Vojin Bakić, a Croatian sculptor of Serb origin was born on July 5, 1915 in Bjelovar. He graduated from the Academy of Arts in Zagreb and completed a special course with the established sculptor of the time, Frane Kršinić. At his first stand-alone exhibit in 1940, Bakić displayed drawings and sculptures, predominantly female nudes carved in stone, which had defined curves and closed shapes.
In 1941, Ustashe took Bakić’s four brothers to the Danica prison camp and later to Jadovno at the foot of Velebit mountain where they were all executed. He escaped his brothers’ destiny, thanks to Kršinić, who provided written guarantees for Bakić, while risking his own safety.
After World War II, Bakić started work on his “large” sculptures and monuments. The first such sculpture from this series was a monument dedicated to Marx and Engels in 1953. Noteworthy monuments from Bakić’s early phase are the important monument Victory in Kamenska at the edge of the Požega valley, which was destroyed in the past war, similar to Bjelovarčan, Gudovčan and Before Execution, which were destroyed at the beginning of the 90’s. Later, Bakić created the so-called Leafy Form (Razlistala forma) which stands today on Gajeva street in Zagreb; a monument to Stjepan Filipović in Valjevo, Serbia; a monument at the Dotrščina memorial area in Zagreb, a monument on Petrova Gora and a monument dedicated by Croatian people to the victims in Kragujevac, Serbia. These are only some of Bakić’s great works.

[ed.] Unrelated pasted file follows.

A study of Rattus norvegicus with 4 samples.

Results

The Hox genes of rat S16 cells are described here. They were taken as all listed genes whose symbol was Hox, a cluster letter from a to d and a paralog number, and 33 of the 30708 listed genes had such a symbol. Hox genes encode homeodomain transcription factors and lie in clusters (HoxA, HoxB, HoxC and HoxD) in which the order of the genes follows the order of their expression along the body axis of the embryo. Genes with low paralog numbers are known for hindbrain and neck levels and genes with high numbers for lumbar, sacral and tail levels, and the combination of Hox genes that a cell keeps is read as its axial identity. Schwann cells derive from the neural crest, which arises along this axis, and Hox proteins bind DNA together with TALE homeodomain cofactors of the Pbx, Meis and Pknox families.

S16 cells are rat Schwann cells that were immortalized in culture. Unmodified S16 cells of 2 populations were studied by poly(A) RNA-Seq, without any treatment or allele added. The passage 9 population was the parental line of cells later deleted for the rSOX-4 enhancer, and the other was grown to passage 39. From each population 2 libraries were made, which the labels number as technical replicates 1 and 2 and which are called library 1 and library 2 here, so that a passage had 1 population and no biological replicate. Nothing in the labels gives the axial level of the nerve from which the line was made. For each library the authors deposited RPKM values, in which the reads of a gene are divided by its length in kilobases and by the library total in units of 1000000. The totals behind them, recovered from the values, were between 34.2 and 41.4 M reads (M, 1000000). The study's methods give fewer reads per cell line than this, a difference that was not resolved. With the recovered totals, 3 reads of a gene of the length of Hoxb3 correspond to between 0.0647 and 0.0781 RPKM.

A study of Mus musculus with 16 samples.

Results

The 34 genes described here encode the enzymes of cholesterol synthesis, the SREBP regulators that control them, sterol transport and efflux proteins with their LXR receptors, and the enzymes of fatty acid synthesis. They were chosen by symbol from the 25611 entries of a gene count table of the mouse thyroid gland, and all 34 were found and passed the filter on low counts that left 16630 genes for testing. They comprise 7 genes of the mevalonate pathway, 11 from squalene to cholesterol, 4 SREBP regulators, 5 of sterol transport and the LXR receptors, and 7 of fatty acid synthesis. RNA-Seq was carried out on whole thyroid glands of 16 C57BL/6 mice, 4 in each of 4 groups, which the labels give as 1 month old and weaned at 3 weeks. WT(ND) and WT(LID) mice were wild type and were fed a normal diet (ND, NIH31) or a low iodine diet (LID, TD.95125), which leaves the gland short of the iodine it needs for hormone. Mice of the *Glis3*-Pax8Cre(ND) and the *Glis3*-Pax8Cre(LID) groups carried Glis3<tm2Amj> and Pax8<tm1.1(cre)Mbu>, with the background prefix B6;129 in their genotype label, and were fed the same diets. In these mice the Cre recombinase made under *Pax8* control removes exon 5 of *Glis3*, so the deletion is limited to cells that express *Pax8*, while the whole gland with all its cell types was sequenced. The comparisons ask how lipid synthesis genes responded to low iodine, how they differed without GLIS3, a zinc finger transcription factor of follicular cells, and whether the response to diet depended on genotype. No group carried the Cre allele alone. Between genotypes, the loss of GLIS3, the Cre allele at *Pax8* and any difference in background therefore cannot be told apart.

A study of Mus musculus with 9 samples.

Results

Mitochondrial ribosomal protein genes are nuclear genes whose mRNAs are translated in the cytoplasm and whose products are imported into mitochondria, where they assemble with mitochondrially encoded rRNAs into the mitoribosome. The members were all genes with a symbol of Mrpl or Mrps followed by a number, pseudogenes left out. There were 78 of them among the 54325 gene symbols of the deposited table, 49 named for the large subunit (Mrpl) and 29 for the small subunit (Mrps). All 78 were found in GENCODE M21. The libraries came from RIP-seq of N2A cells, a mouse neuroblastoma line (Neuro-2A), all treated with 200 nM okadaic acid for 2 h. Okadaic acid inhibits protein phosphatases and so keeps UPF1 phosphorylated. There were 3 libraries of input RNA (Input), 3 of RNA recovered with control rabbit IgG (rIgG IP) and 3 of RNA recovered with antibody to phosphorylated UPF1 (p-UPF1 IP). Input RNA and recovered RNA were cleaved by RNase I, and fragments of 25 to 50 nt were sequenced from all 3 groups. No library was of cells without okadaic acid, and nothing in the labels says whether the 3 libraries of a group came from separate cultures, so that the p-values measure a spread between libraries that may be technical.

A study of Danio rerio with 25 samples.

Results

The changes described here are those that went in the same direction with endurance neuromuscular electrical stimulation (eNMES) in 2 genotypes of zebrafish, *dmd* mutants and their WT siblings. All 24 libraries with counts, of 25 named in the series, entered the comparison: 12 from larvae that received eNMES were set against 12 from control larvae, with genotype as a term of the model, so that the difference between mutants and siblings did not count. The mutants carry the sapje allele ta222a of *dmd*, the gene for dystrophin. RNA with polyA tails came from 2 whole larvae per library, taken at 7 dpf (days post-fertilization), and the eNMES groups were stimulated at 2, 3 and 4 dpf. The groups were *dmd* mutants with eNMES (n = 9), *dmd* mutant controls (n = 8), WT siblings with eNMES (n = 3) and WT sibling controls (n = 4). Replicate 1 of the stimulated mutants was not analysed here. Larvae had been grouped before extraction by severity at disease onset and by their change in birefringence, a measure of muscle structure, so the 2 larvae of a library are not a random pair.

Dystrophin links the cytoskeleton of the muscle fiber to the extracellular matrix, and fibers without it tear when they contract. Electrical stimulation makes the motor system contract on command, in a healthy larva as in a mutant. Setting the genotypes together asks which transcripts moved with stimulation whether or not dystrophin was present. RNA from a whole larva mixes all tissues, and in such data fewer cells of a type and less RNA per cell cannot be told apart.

At the Venice Biennale exhibit in 1956, the Yugoslav Pavilion contained 12 sculptures by Vojin Bakić with his monumental limestone Bull as the central exhibit. Soon more recognition followed – Bakić was invited to participate at two exhibitions organized as part of the first post-war exhibition in Brussels in 1958. This was the first time that the Federal Peoples’ Republic of Yugoslavia had participated at a world exhibition, with the ambition of demonstrating its openness towards the West and abandoning the politics of the then East.
Bakić’s studio burnt down in 1965 and much of his work was permanently destroyed. His sculptures met similar fate in the last war when many of his monuments were destroyed. Apart from those in Kamenska, Gudovac and Bjelovar, also destroyed was his monument to Bilogora partisans in Bačkovica, Monument to Deceased Fighters in Čazma, Ivan Goran Kovačić’s bust in Karlovac and part of the Dotrščina memorial park. His monument on Petrova Gora sustained damage and today thieves continue to remove stainless steel plaques from this work. Also damaged was monument at the Dotrščina entry plateau and Josip Broz Tito’s bronze bust in Veliko Trojstvo. Some sculptures have ‘disappeared’, which is mostly true of those in the Bjelovar town area from where they were removed but were never replaced. Bakić died in 1992, after suffering an additional blow with the death of his son earlier that same year.